Scotland faces difficult future on roads


Scotland faces sub-standard road conditions and more outsourcing of frontline services over the next five years due to budgetary pressures, one of the most senior figures in the nation’s local transport sector has warned.

Scott Allan, chair of the Society of Chief Officers of Transportation in Scotland (SCOTS) and head of amenity services at Renfrewshire Council, made the comments in a frank speech to the Road Expo Scotland conference.

Scott Allan, chair of SCOTS

He said budgetary pressures could see more front line services ‘moving to arms length [delivery] or even externalisation’ up until 2020, and was sceptical about the potential for greater borrowing or PFI deals to inject some cash into the service.

After accepting that road conditions in Scotland can often look poor ‘due to decades of underfunding’, he added that councils had a difficult balancing act to perform on highways asset management and had to prioritise growth above maintenance.

Only a conclusive argument for road maintenance boosting growth could support extra spending, Mr Allan argued.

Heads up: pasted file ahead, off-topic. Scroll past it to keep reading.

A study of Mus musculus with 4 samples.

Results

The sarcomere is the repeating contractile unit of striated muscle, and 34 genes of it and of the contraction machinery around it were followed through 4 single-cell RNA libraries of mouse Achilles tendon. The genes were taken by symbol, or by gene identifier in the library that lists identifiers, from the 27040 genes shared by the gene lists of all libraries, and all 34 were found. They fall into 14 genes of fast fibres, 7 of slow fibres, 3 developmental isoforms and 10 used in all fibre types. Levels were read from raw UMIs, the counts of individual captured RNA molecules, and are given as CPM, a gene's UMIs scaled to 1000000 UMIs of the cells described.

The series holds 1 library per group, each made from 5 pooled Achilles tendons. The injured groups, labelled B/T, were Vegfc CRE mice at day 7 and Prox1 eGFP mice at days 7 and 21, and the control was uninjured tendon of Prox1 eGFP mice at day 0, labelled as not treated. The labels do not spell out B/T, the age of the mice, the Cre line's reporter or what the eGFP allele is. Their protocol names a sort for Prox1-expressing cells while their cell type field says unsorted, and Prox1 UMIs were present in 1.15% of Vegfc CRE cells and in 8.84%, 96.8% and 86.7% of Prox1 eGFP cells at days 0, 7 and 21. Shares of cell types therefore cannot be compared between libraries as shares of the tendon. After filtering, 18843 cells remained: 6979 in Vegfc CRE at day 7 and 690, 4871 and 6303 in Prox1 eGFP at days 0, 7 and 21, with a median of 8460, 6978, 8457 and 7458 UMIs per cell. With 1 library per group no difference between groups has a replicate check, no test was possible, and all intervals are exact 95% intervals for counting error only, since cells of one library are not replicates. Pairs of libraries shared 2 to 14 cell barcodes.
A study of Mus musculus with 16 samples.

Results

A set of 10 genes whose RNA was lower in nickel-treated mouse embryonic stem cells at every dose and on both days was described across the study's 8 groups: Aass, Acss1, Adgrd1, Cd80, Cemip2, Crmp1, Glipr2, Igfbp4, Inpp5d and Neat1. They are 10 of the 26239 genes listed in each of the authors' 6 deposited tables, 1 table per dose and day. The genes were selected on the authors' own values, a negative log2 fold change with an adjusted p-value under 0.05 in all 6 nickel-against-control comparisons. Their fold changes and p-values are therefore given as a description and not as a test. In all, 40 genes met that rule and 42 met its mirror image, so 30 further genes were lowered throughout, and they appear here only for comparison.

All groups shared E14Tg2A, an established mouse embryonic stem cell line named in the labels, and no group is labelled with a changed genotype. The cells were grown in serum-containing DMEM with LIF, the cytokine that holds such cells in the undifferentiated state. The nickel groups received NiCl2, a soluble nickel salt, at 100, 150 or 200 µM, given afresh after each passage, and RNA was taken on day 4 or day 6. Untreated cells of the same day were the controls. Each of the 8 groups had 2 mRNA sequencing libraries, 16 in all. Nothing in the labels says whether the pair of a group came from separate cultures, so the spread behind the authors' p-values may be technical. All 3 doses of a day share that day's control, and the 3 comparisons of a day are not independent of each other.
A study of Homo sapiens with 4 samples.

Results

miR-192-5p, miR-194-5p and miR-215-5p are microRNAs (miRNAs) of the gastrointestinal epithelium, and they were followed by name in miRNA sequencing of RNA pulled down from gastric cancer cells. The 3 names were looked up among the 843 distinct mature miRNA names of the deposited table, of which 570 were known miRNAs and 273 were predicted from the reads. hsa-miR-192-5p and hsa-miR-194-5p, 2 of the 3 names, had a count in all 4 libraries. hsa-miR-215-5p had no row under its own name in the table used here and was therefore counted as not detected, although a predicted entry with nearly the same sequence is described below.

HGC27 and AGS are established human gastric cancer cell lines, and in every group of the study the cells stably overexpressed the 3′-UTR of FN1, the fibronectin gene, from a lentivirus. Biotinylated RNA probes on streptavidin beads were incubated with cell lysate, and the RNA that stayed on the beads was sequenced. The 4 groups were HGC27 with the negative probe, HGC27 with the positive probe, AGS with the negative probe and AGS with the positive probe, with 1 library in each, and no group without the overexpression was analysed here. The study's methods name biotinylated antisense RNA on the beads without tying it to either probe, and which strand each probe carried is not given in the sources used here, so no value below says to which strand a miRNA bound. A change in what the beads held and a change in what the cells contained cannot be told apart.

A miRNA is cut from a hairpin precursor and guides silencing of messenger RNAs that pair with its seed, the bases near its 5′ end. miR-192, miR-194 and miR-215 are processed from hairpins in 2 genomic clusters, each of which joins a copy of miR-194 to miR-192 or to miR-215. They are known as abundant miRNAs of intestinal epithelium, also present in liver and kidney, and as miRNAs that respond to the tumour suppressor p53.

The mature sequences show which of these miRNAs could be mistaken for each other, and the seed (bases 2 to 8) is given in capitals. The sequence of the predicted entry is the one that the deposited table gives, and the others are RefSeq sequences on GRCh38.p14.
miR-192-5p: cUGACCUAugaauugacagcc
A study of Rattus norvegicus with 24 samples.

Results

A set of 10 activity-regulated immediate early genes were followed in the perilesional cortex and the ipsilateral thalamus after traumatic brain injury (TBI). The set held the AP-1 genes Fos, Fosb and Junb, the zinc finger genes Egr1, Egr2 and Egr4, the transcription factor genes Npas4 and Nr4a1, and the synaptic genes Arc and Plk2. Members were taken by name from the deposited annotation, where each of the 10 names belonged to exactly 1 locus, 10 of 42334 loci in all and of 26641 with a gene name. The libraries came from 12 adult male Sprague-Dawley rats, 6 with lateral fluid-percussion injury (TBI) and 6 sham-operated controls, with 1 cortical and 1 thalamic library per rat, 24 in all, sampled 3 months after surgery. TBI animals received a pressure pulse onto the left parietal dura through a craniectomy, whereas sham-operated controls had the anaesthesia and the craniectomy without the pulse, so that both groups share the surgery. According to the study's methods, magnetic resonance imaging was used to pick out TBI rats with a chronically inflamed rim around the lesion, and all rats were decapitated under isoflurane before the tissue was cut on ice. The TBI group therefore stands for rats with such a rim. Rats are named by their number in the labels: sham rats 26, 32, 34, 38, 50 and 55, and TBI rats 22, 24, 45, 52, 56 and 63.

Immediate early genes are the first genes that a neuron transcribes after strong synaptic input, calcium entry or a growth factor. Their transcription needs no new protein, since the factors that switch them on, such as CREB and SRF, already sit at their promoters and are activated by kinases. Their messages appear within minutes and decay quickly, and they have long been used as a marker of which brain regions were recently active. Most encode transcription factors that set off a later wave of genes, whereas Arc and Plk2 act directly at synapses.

‘The answer to this is if investment in roads maintenance drives economic growth then that is a good investment. That is something we may have to bottom out though, because if capital investment in new projects stimulates greater economic growth, I suspect that we will have to live with road conditions that are sub-standard, at least until budget conditions improve for authorities.

‘Realistically if we continue to see budgets decline we will see road conditions maintained probably much as they are now for the next five years, but being delivered more efficiently. We won’t see a big change in condition unless a strong correlation can be made between road condition and the economy.’

Despite the logic of cost effective long-term asset management, Mr Allan said councils were forced into making short-term judgements and perhaps holding on until the wider economy picked up.

‘It’s how long you can survive without investment. At my council we have about 35% of the roads needing attention. But if I was to put all of the reactive maintenance into prudential borrowing I could only raise between £5m - £10m capital whereas what we need to spend is more like £40m.

‘The difficulty with PFIs is that local authorities can borrow money so much cheaper. So if you can do something through local authorities generally that is more cost effective than going to private finance. The big risk of private finance is you have to commit the budgets now to an uncertain future. There is no budget flexibility there. So [I am] not putting that off the table but I think there are issues about how it is considered.’